State Supreme Court Justice Frank A. Sedita Jr. agreed with Assistant County Attorney Kristin Klein Wheaton that Grasso -- who sought unspecified financial damages -- failed to prove the defendants had "actual malice" in challenging his sick leave.

Sedita agreed with Ms. Wheaton that the comments of Keane, Netzel and other county officials to The Buffalo News for a Dec. 15, 1996, article about sick leave problems at the Alden jail involving Grasso and others were non-defamatory and stemmed from "a matter of common interest."

Sedita conducted a hearing on the case Tuesday,

Neither Grasso, 38, of Hamburg, who continues to work at the jail, nor his attorney, Harvey P. Sanders, could be reached for comment.

County Attorney Kenneth A. Schoetz said, "We are pleased the judge ruled that the county government needs to conduct investigations of employee abuse of sick leave and any other type of leave, and that such inquiries are needed to protect the taxpayers. This ruling will help us continue doing that," Schoetz said.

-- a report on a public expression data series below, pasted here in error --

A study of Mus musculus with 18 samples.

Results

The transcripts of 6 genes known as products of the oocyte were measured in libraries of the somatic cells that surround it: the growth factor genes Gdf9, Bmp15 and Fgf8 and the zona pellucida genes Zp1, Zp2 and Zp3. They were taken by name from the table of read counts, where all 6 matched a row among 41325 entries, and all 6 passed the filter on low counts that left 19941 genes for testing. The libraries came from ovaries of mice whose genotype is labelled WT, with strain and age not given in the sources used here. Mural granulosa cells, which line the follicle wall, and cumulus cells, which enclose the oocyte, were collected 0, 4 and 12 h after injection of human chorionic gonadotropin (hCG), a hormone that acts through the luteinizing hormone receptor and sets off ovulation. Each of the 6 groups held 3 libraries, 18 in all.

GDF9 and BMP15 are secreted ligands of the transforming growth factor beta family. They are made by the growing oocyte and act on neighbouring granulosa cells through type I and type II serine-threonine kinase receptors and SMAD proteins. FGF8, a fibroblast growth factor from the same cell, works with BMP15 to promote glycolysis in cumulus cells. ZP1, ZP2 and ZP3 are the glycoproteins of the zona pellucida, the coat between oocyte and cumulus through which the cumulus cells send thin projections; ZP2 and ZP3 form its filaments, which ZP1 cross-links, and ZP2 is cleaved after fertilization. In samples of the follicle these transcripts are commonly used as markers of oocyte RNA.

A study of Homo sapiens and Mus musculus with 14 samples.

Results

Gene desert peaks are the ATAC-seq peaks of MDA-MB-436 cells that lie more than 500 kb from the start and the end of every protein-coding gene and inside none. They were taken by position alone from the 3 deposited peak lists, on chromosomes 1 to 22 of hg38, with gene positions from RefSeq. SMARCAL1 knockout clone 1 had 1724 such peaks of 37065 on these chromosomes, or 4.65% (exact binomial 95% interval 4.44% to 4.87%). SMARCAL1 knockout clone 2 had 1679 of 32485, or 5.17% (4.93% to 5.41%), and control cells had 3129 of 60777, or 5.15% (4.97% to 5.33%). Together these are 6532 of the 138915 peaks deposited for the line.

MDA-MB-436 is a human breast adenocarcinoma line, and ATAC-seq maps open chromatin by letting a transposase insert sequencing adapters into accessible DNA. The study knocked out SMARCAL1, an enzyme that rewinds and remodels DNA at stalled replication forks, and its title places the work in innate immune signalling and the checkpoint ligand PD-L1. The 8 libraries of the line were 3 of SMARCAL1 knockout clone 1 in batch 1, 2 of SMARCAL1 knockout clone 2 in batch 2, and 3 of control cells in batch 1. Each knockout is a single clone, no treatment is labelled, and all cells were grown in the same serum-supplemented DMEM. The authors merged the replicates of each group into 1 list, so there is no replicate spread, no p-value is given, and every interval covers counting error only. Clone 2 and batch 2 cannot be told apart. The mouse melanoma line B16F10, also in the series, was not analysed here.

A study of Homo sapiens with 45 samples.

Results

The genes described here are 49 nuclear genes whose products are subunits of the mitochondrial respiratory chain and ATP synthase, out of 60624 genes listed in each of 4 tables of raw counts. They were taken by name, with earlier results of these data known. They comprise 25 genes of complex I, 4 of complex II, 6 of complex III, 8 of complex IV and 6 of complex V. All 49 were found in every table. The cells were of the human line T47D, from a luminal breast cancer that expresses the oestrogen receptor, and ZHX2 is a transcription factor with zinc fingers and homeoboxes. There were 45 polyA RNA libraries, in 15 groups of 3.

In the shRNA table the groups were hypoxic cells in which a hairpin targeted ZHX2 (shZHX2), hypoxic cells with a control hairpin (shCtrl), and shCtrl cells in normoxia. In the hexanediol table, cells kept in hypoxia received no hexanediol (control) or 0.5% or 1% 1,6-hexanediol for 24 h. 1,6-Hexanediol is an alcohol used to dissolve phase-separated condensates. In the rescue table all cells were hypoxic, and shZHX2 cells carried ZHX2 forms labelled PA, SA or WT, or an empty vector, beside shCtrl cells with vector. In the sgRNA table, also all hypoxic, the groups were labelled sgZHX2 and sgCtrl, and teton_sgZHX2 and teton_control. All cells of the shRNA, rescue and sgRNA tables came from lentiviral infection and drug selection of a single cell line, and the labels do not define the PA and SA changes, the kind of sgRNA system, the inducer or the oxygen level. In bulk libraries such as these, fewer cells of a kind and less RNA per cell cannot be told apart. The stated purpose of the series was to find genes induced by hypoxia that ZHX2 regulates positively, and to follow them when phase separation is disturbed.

Grasso retained his $32,000-a-year jail job despite the flap over his 1996 sick leave.

In the 1996 article, Netzel complained that some 35 jail guards, including Grasso, had cost county taxpayers $1 million in extended sick leave in recent years because they were eligible for the same long-term benefits injured police officers and firefighters get under state law.

Grasso claimed he suffered right hip, shoulder and back injuries in a May 24, OVER 16 LNs1996, mishap at the Erie County Medical Center and became the unintended victim of a political falling-out that year between former Erie County Democratic Chairman Vincent J. Sorrentino and County Executive Gorski

Grasso in the December 1996 article said he owed his $32,000-a-year county job to Sorrentino.

In dismissing the suit, Sedita agreed with Ms. Wheaton that as a corrections officer Grasso is a "public figure" who had to demonstrate "actual malice" by Keane and Netzel which the judge said he found lacking.